Identifying Effective Teachers Policy
The state should base licensure advancement on evidence of teacher effectiveness.
New York's requirements for licensure advancement and renewal are not based on evidence of teacher effectiveness.
The state's Initial Certificate is issued in specific subject and grade titles, is valid for five years and leads to the Professional Certificate. It appears that each subject and grade level presents multiple requirements for the professional certification, including various mentoring and teaching experiences. The state also requires a master's degree for advancement.
New York does not include evidence of effectiveness as a factor in the renewal of a professional license. Teachers can continuously renew their license on a five-year cycle with the completion of professional development hours.
Require evidence of effectiveness as a part of teacher licensing policy.
New York should require evidence of teacher effectiveness to be a factor in determining whether teachers can renew their licenses or advance to a higher-level license.
Discontinue license requirements with no direct connection to classroom effectiveness.
While targeted requirements may potentially expand teacher knowledge and improve teacher practice, New York's general, nonspecific coursework requirements for license advancement and renewal merely call for teachers to complete a certain amount of seat time. These requirements do not correlate with teacher effectiveness.
End requirement tying teacher advancement to master's degrees.
New York should remove its mandate that teachers obtain a master's degree for license advancement. Research is conclusive and emphatic that master's degrees do not have any significant correlation to classroom performance. Rather, advancement should be based on evidence of teacher effectiveness.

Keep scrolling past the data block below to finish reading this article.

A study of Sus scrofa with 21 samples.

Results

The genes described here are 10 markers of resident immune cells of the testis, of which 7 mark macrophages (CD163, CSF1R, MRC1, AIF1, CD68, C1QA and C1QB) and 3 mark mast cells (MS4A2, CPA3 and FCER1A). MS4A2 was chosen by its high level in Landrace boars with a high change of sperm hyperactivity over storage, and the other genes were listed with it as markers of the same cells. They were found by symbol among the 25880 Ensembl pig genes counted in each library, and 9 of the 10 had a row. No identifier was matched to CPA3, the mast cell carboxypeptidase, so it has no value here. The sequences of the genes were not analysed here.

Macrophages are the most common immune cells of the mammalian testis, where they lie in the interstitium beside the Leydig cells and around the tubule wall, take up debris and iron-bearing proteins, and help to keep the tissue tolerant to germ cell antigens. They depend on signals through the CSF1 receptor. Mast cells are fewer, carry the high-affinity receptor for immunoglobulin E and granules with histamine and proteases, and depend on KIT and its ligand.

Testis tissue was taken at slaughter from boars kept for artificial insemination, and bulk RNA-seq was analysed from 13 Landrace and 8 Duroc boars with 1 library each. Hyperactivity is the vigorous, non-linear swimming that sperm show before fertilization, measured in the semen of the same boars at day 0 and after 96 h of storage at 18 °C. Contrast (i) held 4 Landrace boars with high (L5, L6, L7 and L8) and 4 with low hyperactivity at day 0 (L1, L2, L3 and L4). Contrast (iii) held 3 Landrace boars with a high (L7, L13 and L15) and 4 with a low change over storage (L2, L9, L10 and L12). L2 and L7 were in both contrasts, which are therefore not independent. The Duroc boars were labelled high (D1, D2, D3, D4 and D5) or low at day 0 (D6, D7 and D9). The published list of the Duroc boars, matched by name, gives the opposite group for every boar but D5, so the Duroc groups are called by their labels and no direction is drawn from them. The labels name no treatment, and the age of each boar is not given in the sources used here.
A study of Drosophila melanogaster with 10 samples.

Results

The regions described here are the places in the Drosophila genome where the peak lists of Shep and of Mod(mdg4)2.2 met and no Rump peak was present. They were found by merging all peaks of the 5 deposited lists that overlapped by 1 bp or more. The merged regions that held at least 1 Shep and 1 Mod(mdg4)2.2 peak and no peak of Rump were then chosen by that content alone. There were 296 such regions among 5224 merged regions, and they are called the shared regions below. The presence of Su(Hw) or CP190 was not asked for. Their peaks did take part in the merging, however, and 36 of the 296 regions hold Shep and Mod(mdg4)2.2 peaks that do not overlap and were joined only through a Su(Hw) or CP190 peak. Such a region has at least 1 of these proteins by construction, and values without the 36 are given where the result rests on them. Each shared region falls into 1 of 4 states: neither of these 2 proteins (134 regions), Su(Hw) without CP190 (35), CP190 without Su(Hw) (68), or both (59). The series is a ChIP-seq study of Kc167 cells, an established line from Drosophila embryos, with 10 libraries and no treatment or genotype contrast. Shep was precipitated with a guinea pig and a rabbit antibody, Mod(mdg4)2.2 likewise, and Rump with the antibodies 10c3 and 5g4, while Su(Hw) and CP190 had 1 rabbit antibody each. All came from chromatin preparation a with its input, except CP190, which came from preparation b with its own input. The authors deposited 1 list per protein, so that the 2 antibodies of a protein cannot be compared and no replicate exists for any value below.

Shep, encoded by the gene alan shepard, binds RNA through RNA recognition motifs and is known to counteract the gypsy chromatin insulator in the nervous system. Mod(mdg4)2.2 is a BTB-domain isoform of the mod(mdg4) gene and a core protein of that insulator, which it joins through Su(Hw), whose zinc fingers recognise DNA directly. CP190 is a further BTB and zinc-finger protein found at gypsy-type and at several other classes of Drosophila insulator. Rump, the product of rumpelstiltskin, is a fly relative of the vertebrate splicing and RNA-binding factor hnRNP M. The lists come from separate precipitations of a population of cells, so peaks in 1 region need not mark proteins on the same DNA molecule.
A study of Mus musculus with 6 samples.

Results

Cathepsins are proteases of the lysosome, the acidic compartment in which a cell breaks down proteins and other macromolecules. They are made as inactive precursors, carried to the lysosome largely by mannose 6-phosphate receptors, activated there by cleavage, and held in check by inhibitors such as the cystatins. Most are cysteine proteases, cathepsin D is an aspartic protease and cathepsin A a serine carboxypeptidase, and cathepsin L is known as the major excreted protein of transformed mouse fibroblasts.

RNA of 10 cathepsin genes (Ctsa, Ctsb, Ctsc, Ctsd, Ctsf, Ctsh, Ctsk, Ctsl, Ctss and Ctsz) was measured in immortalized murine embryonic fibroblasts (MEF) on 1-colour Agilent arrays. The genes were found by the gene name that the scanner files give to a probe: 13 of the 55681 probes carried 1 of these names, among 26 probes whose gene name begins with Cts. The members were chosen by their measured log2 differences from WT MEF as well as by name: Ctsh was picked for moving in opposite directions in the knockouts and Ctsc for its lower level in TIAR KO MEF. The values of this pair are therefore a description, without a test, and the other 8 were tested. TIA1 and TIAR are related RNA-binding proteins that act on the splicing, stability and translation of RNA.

New York recognized the factual accuracy of this analysis. The state added that under its Race to the Top agenda, it will change the current certification system and develop one that links teacher effectiveness to advanced certification. To earn professional certification, teachers will be required to demonstrate teaching skills on a results-oriented assessment of teacher effectiveness, which will incorporate threshold student growth measures.
Further, the time for completing a master's degree will be extended to six years from initial certification to allow for the completion of an advanced degree more directly aligned to the teacher's individual goals for professional development. Teachers who cannot pass the performance assessment cannot earn the professional teaching certificate, which is required for continued employment in any public school after five years of teaching with an initial certificate. New York pointed out that it will ensure that teacher certification applicants who have not demonstrated a positive effect on improving student learning will not be able to receive professional certification.